Literacy Mid-South helping Memphians read - WMC Action News 5 - Memphis, Tennessee

Literacy Mid-South helping Memphians read

(WMC-TV) - One in three adults in Memphis read at a fifth-grade level or below and those fighting to change that statistic say illiteracy is at the core of many of this city's problems.

But one Mid-South couple is making a change for the better.

Charlie Rais is practicing a basic skill many of us take for granted. He and his wife Louretta are spending their retirement years learning how to read through free classes at Literacy Mid-South.

"Yeah, my husband and I have been married 42 years and so we're growing together," said Louretta Rais.

Charlie Rais was a truck driver for 23 years. He couldn't read street signs, but became a pro at following the lines on a map book.

"I went to places and found places that the guy's who could read couldn't find," he said.

The couple hid their secret most of their lives, relying on directory assistance when they couldn't read the phone book - until the service was no longer free. When that happened, their phone bill skyrocketed.

In order to lower their bill they had to present proof of illiteracy. While at Literacy Mid-South for an evaluation, they signed up for two classes a week with other adults who share their struggle.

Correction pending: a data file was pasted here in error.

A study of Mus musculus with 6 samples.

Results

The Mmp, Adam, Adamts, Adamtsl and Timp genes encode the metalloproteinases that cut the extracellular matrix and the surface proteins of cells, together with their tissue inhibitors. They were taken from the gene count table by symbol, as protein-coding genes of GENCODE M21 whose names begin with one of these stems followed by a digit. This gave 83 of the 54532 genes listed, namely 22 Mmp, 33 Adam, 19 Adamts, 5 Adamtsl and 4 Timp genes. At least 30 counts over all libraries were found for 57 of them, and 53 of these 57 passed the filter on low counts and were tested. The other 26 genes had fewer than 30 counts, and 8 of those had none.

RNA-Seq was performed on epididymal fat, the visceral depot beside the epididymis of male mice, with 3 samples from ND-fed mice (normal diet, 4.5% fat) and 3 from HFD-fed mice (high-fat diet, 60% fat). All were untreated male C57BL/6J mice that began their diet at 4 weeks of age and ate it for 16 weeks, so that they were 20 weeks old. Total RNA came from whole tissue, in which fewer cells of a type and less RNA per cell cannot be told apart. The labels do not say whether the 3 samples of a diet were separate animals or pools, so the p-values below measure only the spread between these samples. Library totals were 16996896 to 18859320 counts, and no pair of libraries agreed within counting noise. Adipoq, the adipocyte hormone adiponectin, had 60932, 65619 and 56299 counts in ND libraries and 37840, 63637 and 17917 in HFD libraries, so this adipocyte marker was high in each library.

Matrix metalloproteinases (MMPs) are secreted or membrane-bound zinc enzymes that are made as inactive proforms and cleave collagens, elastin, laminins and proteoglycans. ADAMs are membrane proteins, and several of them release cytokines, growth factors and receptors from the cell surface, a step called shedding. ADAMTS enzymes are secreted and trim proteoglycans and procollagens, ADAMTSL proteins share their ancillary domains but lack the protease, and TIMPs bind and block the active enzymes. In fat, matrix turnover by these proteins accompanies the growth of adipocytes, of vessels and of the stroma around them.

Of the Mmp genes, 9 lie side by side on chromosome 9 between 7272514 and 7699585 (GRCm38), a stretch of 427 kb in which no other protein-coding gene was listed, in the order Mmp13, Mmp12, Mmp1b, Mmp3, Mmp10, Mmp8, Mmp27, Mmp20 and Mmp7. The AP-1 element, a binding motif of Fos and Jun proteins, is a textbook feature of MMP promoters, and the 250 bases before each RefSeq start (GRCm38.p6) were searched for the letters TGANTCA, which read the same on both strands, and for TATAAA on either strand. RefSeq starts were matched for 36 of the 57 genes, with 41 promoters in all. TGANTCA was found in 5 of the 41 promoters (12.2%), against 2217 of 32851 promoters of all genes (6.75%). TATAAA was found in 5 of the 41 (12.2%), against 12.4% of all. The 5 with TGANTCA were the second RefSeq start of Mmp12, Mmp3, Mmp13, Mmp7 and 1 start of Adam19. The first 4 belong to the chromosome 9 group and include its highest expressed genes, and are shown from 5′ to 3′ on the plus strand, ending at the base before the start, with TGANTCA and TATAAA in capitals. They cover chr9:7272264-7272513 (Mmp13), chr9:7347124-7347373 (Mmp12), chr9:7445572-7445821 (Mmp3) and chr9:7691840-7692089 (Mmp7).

Elen Mooman used to pay someone to pay her bills and take her to the grocery store.

"I had to depend on everybody to do everything for me, but now I'm depending on myself," she said.

"We have people from all walks of life that come here," said Literacy Mid-South Development Director Kevin Dean. He said more than 120,000 people in Memphis cannot read or write.

"When I found out that we have FedEx employees here I knew that there was a big problem," he said.

Dean said it's a problem that's at the core of the city's biggest challenges.

"If we could address literacy in this city I think that we could take care of all these other issues like crime and poverty," he said.

Louretta and Charlie Rais took on the challenge just in time to read to their three-year-old granddaughter Savannah.

Literacy MidSouth's programs serve more than 2,500 children and adults each year. The group's annual operating budget is almost a half a million dollars.

The city of Memphis contributes $20,000 annually. The rest of the money comes from private and corporate donors.

For more information on classes, or how to become a volunteer, click here.